Gwendolyn Glenn

Reporter

Gwendolyn is an award-winning journalist who has covered a broad range of stories on the local and national levels. Her experience includes producing on-air reports for National Public Radio and she worked full-time as a producer for NPR’s All Things Considered news program for five years. She worked for several years as an on-air contract reporter for CNN in Atlanta and worked in print as a reporter for the Baltimore Sun Media Group, The Washington Post and covered Congress and various federal agencies for the Daily Environment Report and Real Estate Finance Today. Glenn has won awards for her reports from the Maryland-DC-Delaware Press Association, SNA and the first-place radio award from the National Association of Black Journalists.

Courtney Mason in her classroom at Piney Grove Elementary.
Lisa Worf / WFAE News

Many teachers across the state are set to get belated Christmas gifts in the form of merit bonuses, pending a vote this week by the state board of education.

General Assembly members approved nearly $14 million last year to reward teachers whose students showed growth in third-grade reading and passed advanced placement and international baccalaureate exams.

NC Wine and Grape Council

North Carolina’s wine industry recently got a PR boost with a federally-designated, AVA wine district. AVA stands for American Viticultural Area and the new wine region is in the Appalachian High Country AVA.  


Julie Rose / WFAE

The for-profit, Charlotte School of Law’s accreditation is in jeopardy. This week, the American Bar Association put the school, the state’s largest law school with about 800 students, on probation over concerns that unqualified students were being admitted and that too many graduates were not passing the bar exam.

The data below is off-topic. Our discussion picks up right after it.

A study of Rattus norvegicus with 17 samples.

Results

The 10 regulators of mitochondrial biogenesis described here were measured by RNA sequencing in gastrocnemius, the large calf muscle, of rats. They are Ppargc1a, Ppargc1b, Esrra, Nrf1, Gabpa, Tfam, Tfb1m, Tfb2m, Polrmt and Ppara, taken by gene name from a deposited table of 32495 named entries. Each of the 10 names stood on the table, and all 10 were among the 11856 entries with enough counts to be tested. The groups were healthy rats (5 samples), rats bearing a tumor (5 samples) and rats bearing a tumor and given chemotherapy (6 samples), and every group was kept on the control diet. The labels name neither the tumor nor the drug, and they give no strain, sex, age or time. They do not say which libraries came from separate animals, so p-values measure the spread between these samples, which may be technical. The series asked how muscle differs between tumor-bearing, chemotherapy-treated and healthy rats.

Gwendolyn Glenn/WFAE

As college tuition continues to rise, some lawmakers and education advocates are calling on schools to spend more of their tax-exempt endowment funds on scholarships for low-income students. Those with endowments in the billion-dollar level are especially targeted by critics, who accuse school administrators of hoarding the endowment money.

Universtiy of North Carolina at Charlotte campus
Wade Bruton / UNCC

Since the recession, endowments at public and private colleges and universities have bounced back to the tune of more than a half trillion dollars. But that hasn’t stopped increases in tuition at most schools, to the chagrin of some congressional leaders and others who accuse schools of hoarding endowment funds.

Community meeting on magnet school assignment plan
Gwendolyn Glenn/WFAE

Charlotte Mecklenburg School board approved a student assignment plan for the district’s magnet programs Wednesday night. The process involved about 18 months of discussions, community meetings and hearings.

James Hoyt Wilhelm
Charlotte Observer

The CMS board voted this week to name a park at Cornelius Elementary School after Major League Baseball Hall of Fame pitcher and Mecklenburg County native James Hoyt Wilhelm.

Charlotte Observer

For the first time in 16 years, someone different will occupy the state’s attorney general’s office. Former Democratic state Sen. Josh Stein of Wake County and current Republican state Sen. Buck Newton of Wilson are in a close race to succeed Roy Cooper.

Gwendolyn Glenn / WFAE News

CMS board members heard from residents Tuesday night during the first public hearing on the district’s plan to diversify magnet programs next year. The proposal involves measuring the socio-economic status of students and re-designing the lottery to get into these schools to create a balanced mix of students. WFAE’s Gwendolyn Glenn attended the meeting and talks with All Things Considered host Mark Rumsey.

Gwendolyn Glenn / WFAE News

City Council members unanimously approved Marcus Jones’ appointment as Charlotte’s city manager. Jones, who held the same position for six years in Norfolk, Va, will be Charlotte’s first African-American city manager.